Seeking a promotion at work? Here are a few things to think about before applying.
If you would like a more challenging job and want to enhance your career, you’re likely looking for an opportunity to gain a promotion. In order to build yourself a case it’s important to consider your current position and ask yourself the following questions:
Next think about where you want to be and how you intend on getting there. Your answers will help you put your aspirations in to context and allow you to be realistic in terms of achieving your goals. When you know where you want to be, research your options thoroughly and devise a development action plan.
In order to help you chances of promotion there are a number of things you can do to raise your profile. These include:
Applying for an internal promotion can be a nerve-wracking experience. Not only do you have to undergo the intensive selection process with colleagues or external candidates, but as an existing employee, your employers already have experience of your strengths and weaknesses.
This does not need to be perceived as a negative position to be in. Indeed, you may have the edge over external candidates because you work in the organisation so you should have a better understanding of the internal structures and values, as well as the requirements of the new role. Keep this in mind.
To get the ball rolling, have a discussion with your line manager or human resources department about the options open to you and how they can help. You may not get a promotion straight away but by being proactive it shows that you are interested in promotion and may establish a course for further discussions.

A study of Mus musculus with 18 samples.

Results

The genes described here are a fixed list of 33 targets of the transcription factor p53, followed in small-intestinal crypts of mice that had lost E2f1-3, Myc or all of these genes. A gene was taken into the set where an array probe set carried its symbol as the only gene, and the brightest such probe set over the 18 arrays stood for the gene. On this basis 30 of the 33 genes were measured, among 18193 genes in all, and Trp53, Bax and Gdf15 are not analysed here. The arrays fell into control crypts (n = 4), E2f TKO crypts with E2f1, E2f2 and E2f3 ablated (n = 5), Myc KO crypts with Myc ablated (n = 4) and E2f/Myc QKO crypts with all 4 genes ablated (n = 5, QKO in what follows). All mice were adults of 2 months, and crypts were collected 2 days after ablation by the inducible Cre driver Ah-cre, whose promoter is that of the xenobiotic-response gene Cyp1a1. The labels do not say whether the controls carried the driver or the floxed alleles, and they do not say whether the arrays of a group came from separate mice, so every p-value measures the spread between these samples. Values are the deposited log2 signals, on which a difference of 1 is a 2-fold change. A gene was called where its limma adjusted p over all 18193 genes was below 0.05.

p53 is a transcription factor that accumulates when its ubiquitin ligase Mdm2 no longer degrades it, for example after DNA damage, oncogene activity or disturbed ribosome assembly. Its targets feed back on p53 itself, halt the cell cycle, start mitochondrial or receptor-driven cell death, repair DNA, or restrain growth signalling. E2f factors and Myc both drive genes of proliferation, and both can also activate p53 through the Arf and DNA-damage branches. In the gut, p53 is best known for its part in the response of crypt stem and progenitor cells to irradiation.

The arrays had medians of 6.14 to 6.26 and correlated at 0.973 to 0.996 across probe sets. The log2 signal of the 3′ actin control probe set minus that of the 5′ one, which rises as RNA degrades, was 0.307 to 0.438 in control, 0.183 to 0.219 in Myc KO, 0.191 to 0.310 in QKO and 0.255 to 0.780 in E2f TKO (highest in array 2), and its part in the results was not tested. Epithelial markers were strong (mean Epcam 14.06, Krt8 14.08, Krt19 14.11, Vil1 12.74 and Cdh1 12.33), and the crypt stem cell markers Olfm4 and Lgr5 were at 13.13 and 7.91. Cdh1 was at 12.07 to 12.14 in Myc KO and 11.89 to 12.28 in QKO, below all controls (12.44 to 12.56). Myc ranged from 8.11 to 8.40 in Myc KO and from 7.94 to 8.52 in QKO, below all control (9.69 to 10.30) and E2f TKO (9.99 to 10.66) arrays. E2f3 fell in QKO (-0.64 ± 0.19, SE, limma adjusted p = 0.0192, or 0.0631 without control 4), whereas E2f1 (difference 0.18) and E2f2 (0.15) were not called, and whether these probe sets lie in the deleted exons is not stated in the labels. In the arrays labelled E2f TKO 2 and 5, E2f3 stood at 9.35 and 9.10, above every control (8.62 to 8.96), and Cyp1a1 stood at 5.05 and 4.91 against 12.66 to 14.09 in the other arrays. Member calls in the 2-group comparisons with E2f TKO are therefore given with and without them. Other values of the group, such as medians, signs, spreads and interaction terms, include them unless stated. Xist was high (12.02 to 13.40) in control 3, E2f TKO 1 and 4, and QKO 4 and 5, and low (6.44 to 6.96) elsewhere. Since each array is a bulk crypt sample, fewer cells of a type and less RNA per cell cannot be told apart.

A good time to discuss promotion opportunities is also during your annual review. If that’s not an option then request a formal meeting with your manager to ask about opportunities and to ask what they think you need to do in order to qualify for a promotion.
You’ve got yourself an interview, now there are a number of things you can do to prepare. If you feel confident that you can do the job well and you have appropriate experience then you are already half way there. The second step is to ensure that you have prepared thoroughly before you attend your interview.
Although it is an internal interview you must treat it as any other job interview because your assessors will need to compare your experience, skill set and attitude with other candidates. So while you may believe that you are the best for the job, do not assume that your employers will, just because you work for them.
Try to find out as much as you can about the job including:
This is where your knowledge of the organisation will be beneficial, as you can talk to others in the relevant department to find out everything you possibly can about the job.
It is also time to patch up any weak areas in your knowledge about the company and its structure and services. Depending on your length of service you may need to ask colleagues about unfamiliar areas of the business or company history so that you maximise the competitive edge you have over other candidates and feel confident going in to your interview.
Try to anticipate the sorts of questions you are likely to be asked by your interviewers and prepare answers carefully. Remember your earlier self-assessment as it is essential that you provide information about the impact you have had on the business, and your commitment to achieving longer term aims, since you need to demonstrate how your career has developed within the organisation
Arrive in good time, take time to answer questions and give concise answers. Try to keep relaxed and think positively, end on an optimistic note and deal with the closing moments well. It can be difficult to remember all of these points in an internal interview, especially if you know the interviewer, but try not to be too familiar or tense. Do not assume that the interviewers are aware of the specifics of your role and ensure you highlight your personal strengths clearly.
If you are selected for promotion, you will have new challenges and possibly a different team to work with so make sure you ask relevant questions about the position, for example:
This is your chance to find out as much as you can from the interviewers and their expectations of the role. It is far better to discover the facts of the job before you are appointed and to know exactly what will be required of you.